Media Monday: Considering Lammily

Lindsey Tradup

Whether you are male or female, we have all grown up knowing who Barbie is. She’s tall, blonde, skinny at the waist and large in the chest and, as children, we idolized her. Whether we wanted to be just like her or we wanted to date someone just like her, she has been placed on a pedestal for decades. (Did I mention that she never ages?) Barbie has been around since 1959, and throughout the years has progressively become more glamourized.

Last summer, artist Nickolay Lamm created a “Normal Barbie” that he is calling “Lammily”. She has the proportions of an average 19 year old woman, wears very light make up and dresses unpretentiously. Lamm has just begun a campaign to fund production of the new doll. He hopes to raise $95,000, with the long term goal of selling them in retail stores.  The purpose of his creation is to show children that average is beautiful, bring a sense of reality back into their lives, and promote a healthy lifestyle.

With all of these new diet crazes, reality TV shows and photos aimed at losing weight, many of us forget that, contrary to how they’re advertised, these things are not real. A diet is not something you go on and off of; a diet is what you eat.  And let’s be honest, with the massive amounts of Photoshop tools readily available, it can be hard to distinguish what is actual reality.  Ideally, this new doll could begin a new era of self-respect and positive body image. It is still unclear how children will react to Lammily, but Lamm has stated that his cousins like the designs because they look more like themselves, and she looks more friendly and inviting than Barbie.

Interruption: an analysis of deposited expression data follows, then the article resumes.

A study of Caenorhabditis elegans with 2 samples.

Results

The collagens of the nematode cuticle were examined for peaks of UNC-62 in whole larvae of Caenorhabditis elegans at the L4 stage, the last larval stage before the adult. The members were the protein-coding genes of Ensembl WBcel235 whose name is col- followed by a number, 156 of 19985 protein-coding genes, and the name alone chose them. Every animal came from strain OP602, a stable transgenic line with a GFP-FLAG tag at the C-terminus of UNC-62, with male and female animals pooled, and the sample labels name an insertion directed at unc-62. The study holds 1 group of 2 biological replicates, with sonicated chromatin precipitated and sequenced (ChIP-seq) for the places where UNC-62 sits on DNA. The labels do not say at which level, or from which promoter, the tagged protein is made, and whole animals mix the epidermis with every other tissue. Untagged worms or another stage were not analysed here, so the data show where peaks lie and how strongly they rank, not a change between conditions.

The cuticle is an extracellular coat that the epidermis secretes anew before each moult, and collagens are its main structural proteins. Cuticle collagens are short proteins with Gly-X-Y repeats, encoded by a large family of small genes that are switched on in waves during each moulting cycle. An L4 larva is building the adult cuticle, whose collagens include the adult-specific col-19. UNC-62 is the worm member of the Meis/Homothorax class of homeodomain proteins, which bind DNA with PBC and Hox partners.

The overall effect of Lammily could be just what we need to implement a change. If we start believing at a young age that it’s OK to have flaws, after all that’s what makes us unique, then we can start to realize as a society that it’s not about what we look like on the outside, but how we utilize the qualities we have on the inside.